By Josh ConwellThe Traders Village showcased a Native American Pow Wow dance contest Nov. 10-11 that offered amazing dances, authentic teepees and colorful garments. Once guests entered the Village, they were immersed in a culture that is interested in keeping up with tradition and honoring their heritage. The Pow Wow was so legendary that people could not help but be transplanted to an era from a time long past.
Attending a Pow Wow is a good way for people to become acquainted with Indian customs. The Pow Wow at the Traders Village offered tribal dance contests, Indian artwork and traders with amazing crafts that illustrated how essential they once were to tribal living.
The dance is a spiritual ceremony for people to display their emotions and to connect with society and nature. A dance can signify many different emotions including love, war and peace. The dance itself is as if each person is telling his or her own story and attempting to connect with the people in the audience in the present as well as in the past.
Anyone, from the age of small children to older seniors, is allowed to participate in the dance contest. This contest gives the dancers a chance to show people what their culture is really about. It allows them to pay tribute to their ancestors and their heritage.
One of the dance contestants was Marion Cole. He explained what it feels like to dance out there, with the beat of the drums and the chanting of the Indians.
"The dancing changes your consciousness," Cole said. He goes on to explain that the dance and the rhythm is the "heartbeat of the earth." Cole believes in these dances and enjoys participating. "I dance because I can," he said.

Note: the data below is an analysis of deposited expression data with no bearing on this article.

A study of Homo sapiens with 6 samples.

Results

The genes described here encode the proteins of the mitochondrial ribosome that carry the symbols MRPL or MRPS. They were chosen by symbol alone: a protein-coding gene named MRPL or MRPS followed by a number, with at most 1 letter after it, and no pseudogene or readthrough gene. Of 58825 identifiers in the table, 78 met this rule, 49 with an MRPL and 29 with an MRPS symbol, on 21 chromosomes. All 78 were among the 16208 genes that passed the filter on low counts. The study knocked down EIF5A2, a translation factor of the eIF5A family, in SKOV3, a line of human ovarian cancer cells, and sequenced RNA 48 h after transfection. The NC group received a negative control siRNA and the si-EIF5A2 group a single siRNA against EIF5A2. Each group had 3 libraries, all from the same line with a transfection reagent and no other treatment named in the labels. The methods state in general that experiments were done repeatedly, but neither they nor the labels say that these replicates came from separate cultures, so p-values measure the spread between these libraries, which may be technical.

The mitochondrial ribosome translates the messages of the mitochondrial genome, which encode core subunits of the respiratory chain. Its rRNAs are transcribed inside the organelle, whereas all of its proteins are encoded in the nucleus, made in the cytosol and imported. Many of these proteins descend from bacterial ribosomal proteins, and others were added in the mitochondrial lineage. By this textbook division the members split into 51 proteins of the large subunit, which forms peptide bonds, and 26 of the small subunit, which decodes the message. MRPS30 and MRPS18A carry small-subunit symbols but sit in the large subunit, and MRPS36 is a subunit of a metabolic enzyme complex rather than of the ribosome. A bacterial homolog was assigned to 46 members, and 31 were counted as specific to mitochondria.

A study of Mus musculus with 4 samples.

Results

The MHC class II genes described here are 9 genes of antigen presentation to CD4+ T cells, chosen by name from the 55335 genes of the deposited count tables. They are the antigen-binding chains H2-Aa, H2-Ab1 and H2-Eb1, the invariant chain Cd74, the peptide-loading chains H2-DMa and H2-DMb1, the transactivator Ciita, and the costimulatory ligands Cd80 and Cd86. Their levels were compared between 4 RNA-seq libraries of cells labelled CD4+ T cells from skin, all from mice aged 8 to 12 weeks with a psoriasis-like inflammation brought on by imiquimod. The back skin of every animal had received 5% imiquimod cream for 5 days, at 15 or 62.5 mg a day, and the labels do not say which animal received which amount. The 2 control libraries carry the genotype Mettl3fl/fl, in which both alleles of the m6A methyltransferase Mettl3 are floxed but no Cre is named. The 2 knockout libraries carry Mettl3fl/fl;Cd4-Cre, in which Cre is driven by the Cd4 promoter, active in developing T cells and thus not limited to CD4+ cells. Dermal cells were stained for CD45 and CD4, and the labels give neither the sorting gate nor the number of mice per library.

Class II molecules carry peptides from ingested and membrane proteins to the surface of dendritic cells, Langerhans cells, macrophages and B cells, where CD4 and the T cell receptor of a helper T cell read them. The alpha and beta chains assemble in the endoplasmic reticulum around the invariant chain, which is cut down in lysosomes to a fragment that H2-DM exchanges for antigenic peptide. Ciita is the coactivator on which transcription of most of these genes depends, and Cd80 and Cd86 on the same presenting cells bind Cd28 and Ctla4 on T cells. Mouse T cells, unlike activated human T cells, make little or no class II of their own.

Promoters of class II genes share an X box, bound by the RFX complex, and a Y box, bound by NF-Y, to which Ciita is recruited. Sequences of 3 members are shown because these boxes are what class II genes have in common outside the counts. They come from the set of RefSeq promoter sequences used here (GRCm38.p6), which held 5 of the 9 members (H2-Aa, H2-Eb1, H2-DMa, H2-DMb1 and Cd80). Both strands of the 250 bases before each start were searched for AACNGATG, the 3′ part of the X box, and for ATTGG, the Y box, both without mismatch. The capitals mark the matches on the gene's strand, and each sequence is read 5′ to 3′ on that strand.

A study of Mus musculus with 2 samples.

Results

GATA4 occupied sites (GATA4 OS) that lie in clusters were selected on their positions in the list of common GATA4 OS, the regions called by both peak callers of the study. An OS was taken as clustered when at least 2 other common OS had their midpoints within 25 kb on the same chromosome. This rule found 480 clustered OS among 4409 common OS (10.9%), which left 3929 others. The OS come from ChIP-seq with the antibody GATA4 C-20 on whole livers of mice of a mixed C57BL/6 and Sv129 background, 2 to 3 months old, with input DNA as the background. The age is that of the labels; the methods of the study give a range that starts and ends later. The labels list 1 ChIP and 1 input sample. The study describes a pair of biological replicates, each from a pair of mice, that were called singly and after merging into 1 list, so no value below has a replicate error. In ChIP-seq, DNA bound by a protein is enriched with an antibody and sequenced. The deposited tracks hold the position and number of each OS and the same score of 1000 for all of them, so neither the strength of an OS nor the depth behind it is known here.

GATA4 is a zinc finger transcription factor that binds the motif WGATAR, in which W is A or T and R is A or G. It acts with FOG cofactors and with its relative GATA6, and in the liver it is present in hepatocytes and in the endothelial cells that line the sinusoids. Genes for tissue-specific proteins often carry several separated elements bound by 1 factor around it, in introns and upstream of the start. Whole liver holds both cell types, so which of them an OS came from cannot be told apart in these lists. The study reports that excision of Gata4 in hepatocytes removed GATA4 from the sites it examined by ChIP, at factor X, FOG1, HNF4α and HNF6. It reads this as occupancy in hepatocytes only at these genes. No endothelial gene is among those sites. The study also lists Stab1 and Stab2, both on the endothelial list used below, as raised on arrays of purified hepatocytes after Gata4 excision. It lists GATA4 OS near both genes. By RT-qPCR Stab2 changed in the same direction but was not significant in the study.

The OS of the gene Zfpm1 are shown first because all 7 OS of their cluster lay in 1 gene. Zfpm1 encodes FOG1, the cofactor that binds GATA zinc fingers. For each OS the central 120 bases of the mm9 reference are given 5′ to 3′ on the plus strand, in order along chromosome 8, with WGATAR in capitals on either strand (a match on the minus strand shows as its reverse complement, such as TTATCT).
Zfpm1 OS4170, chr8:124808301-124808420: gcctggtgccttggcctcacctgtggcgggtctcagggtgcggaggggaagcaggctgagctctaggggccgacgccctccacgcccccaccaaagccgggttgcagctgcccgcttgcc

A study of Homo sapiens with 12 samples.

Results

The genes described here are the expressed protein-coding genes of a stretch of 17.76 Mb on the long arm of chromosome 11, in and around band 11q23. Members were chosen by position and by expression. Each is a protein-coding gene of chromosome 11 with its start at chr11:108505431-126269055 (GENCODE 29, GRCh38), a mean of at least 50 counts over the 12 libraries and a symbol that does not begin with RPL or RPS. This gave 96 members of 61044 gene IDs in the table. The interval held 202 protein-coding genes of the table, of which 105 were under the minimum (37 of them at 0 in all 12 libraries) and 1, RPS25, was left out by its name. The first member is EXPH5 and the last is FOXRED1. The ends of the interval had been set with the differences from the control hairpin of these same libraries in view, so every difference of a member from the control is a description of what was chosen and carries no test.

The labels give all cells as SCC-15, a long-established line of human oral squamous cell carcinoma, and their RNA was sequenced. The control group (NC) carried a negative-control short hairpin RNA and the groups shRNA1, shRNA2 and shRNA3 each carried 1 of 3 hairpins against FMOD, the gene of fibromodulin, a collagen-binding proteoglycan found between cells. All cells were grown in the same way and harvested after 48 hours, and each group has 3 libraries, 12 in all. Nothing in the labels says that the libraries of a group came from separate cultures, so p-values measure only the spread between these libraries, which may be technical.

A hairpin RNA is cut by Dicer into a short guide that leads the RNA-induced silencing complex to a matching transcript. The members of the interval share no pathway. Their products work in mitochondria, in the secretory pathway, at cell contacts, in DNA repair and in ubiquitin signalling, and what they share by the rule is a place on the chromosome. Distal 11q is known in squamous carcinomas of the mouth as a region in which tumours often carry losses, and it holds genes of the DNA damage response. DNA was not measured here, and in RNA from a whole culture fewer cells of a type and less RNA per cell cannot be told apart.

Another contestant was Gabe Bullock and he gave a very inspiring reason as to why he dances.
"I dance for my own heart; I dance for my family and for my tribe," Bullock said.
If people think that all Indians live in tribes then they are mistaken. There are many different Indian groups, tribes and bands that have and are still living in Texas including Apaches, Comanches, Kiowas and Kickapoo. They all lived in different areas of Texas including the Western Gulf, Southeast, Southwest and the Plains. All of theses native people had their own traditions, governments and religions that they were able to use to best take advantage of land resources.
The definition of an Indian group is just a small number of people, anywhere between five and 30 people, such as the Lipan Apache Indians who all wear the same clothes and eat the same foods. Bands, such as the Comanche Indians, are several groups that are organized under one leader, who is called the chief. A tribe is a group of bands organized under one chief leader. The history of Indian culture is filled with wars and hardships, but through their struggle they have tried and succeeded at keeping their heritage alive and vivid in today's society by passing on their tools and crafts.
A woman who worked at one of the stalls is named Cindian, "The Turtle Woman Who Walks With Bears." Although only a percentage of her bloodline is Indian, she was adopted by the "Blackfoot Bear Clan," which made her 100 percent Blackfoot by adoption. The Bear Clan is just a very small clan in Houston, made up of only 10 people, but outside of Houston it is a lot larger. Cindian is truly honored to be accepted by the clan and hopes to pass on their heritage and way of life to others whom the clan deems acceptable so that their culture will not be forgotten.
The Indian culture is founded on a strong ancient bond of showing respect to the forefathers before them and expressing that gratefulness through dance and art. There is a very deep respect given by these people for their very beautiful culture.